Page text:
Congratulations to New Voices writer JT Townley for his story, “O Fortuna.” Told in the collective voice, “O Fortuna” follows a mystery surrounding the words inside a Chinese restaurant’s fortune cookies. Townley does a wonderful job of pairing the strangeness of the fortunes with the curiosity of the narrators, who are suspicious of a new tenant in the building. It contributes to a growing sense of unease in the story that propels readers forward. It’s a fantastic piece and we’re thrilled to be publishing it. Enjoy!
by JT Townley
That was when the complaints began. For a time, it was mostly the regulars, who were always carping about something. Weather’s lousy, said Mr. Chan. What’s that smell? asked Mrs. Zhou. White woman’s bad luck, said Mr. Han. We brought them more dumplings and fried rice and Tsingtao, on the house, and pretended not to hear them.
Yet it wasn’t so easy with the tourists. They came from Iowa and Florida, England and Japan to eat at a real Chinatown restaurant. The Golden Dragon’s listed in all the books. We’re the best. Which is why we cannot ignore what the tourists say, however much we might prefer to. They make mental notes. They write customer reviews and are not afraid to speak their minds.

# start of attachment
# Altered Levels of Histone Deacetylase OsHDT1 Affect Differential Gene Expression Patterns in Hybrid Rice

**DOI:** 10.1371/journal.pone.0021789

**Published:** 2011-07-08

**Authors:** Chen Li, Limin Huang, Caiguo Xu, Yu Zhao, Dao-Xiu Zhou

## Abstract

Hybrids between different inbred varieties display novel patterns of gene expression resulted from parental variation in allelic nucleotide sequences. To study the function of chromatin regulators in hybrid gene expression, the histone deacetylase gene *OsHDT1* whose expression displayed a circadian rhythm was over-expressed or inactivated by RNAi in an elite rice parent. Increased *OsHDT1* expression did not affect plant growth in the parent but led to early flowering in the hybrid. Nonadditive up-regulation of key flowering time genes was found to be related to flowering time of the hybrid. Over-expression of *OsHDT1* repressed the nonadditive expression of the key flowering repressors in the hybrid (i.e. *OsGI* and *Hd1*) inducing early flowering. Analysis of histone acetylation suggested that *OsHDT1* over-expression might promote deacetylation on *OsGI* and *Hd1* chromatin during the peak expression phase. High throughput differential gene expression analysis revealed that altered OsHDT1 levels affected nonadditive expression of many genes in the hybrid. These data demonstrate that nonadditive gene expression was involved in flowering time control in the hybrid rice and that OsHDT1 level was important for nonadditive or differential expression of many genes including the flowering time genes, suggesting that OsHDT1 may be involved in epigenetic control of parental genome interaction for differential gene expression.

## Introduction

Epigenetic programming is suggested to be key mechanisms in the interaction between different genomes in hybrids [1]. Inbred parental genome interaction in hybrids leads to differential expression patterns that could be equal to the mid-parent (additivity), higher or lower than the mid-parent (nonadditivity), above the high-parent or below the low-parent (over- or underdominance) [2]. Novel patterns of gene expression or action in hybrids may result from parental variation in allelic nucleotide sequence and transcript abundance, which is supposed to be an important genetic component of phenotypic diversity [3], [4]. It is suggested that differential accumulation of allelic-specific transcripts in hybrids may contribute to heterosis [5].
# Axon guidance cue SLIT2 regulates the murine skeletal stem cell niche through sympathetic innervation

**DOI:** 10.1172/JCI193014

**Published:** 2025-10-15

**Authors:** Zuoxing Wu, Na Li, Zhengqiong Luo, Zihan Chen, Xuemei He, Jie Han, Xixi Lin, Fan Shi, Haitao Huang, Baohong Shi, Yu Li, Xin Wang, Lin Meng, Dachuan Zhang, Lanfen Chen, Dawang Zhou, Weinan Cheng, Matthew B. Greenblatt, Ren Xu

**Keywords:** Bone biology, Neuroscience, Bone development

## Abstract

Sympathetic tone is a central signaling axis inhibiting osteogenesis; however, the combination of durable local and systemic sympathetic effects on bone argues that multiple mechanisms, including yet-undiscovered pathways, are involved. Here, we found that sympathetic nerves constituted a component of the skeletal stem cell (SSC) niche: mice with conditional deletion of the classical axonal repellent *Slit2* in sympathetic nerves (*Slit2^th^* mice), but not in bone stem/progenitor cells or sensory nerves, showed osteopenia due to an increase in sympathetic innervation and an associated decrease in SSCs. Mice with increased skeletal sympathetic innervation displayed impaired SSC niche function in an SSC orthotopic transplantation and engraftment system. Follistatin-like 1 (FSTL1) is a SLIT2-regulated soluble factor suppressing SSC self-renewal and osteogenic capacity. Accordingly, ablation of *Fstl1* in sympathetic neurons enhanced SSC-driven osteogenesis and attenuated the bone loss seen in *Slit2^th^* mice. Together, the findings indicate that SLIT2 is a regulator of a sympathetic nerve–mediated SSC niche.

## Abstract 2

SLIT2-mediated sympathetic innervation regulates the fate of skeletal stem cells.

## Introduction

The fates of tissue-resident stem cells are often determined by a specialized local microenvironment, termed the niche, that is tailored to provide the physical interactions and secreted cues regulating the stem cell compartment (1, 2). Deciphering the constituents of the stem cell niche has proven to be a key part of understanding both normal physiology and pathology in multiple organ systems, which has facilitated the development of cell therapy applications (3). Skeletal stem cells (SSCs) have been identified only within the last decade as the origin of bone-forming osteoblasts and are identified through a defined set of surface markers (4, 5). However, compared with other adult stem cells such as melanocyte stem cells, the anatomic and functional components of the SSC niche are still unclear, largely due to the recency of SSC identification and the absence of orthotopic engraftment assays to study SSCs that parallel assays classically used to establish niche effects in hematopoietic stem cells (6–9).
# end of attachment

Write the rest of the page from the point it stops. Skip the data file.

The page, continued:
So when they complained about the cold, gloomy weather, we told them what the TV news said: a temporary atmospheric disturbance. When they asked about the rotten-egg stink permeating the building, we explained it wasn’t just us, the smell was everywhere, but the City was working on it. And when they asked about the constant opera music (not even Chinese), so loud sometimes it shook the walls and rattled the teapots, we tried not to look annoyed and said we had a new tenant in the apartment upstairs.
We told Sister the white woman would be trouble, but did she listen?
Soon most of the griping centered on the fortune cookies. They weren’t even Chinese, but then again, neither were we, in a manner of speaking. Still, the fortune cookies were important to everyone, including the regulars, though we couldn’t fathom why. It wasn’t the sweet, crisp cookie that customers loved so well, but what they found inside: golden nuggets of hope and inspiration. Compassion is a way of being. An inch of time is an inch of gold. Savor your freedom; it is precious. For our part, we never had anything to do with the cookies, so they weren’t our responsibility. We bought them wholesale from Uncle’s company, Golden Gate Fortune Factory. Uncle wrote all the fortunes personally, always had, though he hadn’t come up with any new ones for a dog’s age. But lately something had changed, and customers noticed.
Beware of odors from unfamiliar sources.
To read the rest of “O Fortuna,” click here.